Money isn't everything, or at least in terms of the enterprise storage market, it doesn't tell the whole story.
According to International Data Corporation's (IDC) latest analysis of the worldwide enterprise storage systems market, vendors generated $8.8 billion in revenue during the second quarter (Q2) of 2016. While that figure remains essentially unchanged from the same year-ago quarter, it belies some big shifts in how enterprises are planning their storage purchases.
"Spending on all flash deployments continues to grow and help drive the market," said IDC research manager Liz Conner, in a statement. "The decreasing cost of flash media, coupled with increasing use cases, high density deployments, and availability of flash-based storage products, have resulted in rapid adoption throughout the market."
According to IDC, vendors raked in $1.1 billion selling all-flash arrays last quarter, a whopping 94.5-percent year-over-year jump. The hybrid flash array segment generated $2.3 billion in revenue and accounted for over a quarter (26.1 percent) of the overall storage market.
Meanwhile, original design manufacturers (ODMs) sold fewer systems to their hyperscale data center customers in Q2. Sales plunged to $794.7 million, a 21.5-percent year-over-year decline. The server-based storage segment climbed 9.8 percent to nearly $2.4 billion in revenue while external storage remained flat with $5.7 billion in sales.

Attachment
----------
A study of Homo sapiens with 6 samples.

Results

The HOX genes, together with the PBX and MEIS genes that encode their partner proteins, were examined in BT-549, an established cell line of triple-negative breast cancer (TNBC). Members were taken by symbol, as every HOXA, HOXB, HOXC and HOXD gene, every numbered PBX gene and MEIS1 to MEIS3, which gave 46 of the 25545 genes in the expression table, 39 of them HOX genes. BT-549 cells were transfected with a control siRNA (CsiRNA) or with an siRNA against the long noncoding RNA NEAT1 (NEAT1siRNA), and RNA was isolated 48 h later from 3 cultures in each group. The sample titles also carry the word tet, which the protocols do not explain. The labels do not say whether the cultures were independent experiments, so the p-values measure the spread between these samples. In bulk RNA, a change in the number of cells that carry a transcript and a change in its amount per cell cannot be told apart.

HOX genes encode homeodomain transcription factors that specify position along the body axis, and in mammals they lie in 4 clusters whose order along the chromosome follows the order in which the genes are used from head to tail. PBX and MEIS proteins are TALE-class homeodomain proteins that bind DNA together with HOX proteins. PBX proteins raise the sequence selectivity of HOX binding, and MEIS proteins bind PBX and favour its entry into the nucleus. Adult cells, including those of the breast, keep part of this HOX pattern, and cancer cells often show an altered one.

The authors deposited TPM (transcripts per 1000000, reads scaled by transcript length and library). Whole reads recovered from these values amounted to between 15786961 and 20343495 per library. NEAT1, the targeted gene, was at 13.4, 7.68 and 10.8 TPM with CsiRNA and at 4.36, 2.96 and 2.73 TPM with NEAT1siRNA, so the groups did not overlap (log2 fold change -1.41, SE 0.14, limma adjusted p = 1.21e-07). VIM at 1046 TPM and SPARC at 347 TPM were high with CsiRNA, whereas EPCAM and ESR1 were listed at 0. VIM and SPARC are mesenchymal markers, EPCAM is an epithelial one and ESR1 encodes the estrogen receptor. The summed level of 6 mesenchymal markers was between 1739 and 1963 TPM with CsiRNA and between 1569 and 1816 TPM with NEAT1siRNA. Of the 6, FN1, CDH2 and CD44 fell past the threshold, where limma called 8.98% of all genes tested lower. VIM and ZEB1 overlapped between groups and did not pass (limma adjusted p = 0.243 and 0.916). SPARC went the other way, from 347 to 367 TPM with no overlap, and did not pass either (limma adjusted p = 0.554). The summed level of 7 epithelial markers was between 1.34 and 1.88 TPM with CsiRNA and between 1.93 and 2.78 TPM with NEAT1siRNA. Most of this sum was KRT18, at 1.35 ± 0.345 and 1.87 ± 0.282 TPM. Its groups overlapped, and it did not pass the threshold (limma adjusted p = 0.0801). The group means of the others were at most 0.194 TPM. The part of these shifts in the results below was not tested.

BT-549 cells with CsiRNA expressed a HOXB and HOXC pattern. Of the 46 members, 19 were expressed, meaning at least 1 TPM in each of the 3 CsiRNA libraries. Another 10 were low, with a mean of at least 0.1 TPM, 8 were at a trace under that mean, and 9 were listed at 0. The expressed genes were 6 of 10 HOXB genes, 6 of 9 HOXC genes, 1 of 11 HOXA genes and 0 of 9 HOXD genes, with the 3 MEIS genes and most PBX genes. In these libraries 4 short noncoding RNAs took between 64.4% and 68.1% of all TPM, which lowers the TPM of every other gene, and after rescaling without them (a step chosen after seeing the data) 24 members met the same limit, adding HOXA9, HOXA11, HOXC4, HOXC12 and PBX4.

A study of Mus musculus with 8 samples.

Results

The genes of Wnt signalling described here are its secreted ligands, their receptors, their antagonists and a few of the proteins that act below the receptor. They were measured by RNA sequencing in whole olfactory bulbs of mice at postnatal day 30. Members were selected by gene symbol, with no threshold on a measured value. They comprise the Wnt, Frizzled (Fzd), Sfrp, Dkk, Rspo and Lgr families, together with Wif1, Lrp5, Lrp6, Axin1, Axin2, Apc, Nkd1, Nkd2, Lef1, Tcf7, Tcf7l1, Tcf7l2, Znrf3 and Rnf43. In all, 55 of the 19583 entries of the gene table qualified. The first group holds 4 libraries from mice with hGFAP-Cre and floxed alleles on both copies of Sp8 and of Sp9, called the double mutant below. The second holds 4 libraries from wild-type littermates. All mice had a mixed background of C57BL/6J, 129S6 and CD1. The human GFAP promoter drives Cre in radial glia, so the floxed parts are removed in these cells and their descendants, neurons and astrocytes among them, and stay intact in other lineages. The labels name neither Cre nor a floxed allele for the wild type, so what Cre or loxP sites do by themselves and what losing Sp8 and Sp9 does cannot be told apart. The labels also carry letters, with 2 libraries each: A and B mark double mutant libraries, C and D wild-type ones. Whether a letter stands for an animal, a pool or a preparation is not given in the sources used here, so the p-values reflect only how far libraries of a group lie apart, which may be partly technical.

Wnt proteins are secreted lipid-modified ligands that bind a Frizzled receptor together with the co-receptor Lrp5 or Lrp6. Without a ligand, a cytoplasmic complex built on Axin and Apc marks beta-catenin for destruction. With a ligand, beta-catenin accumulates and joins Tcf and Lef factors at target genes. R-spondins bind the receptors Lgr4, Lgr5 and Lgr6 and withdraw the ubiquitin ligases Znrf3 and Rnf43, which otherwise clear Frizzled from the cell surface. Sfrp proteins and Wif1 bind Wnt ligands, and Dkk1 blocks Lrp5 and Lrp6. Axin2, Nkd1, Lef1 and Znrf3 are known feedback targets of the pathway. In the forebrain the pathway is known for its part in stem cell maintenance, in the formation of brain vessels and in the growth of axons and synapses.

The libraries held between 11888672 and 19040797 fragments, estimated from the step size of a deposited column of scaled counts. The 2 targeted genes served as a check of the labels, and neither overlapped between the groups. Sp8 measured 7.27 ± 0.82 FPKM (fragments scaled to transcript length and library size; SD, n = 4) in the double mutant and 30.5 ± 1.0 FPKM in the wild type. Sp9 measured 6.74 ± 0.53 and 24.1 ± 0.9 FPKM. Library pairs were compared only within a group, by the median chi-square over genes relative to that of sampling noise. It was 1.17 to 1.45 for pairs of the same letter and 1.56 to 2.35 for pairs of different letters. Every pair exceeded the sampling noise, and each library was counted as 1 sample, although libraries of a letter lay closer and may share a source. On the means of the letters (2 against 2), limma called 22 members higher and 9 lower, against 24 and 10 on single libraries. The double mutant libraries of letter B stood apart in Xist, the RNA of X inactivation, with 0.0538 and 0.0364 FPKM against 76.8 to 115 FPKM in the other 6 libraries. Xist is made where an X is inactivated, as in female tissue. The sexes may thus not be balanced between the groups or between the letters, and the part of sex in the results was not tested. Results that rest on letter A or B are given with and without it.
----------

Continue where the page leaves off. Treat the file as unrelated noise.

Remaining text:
EMC and HP Enterprise (HPE) led the market in Q2 with a statistical tie for first place on revenues of nearly $1.6 billion each. Notably, EMC's revenues dropped 5.5 percent year-over-year while HPE's grew 8.8 percent. Pre-merger Dell took the third spot with sales of just over $1 billion, and 10 percent of the market. IBM and NetApp tied for fourth place with revenues of roughly $600 million apiece.
In terms of external storage arrays, EMC once again reigned with 28.2 percent of the market. It's a lead that likely widen in the wake of the company's historic merger with Dell. On Sept. 7, the company announced that the $67 billion deal to combine Dell and EMC had finally closed, creating a new IT behemoth called Dell Technologies.
HPE and NetApp were statistically tied for second place with over 10 percent of the market apiece and sales of $602.2 million and $595.4 million, respectively. IBM was fourth with $538 million in sales and 9.5 percent of the market. Hitachi and Dell tied for fifth place, each with over 7 percent of the market and revenues hovering around the $400 million mark.
Pedro Hernandez is a contributing editor at InfoStor. Follow him on Twitter @ecoINSITE.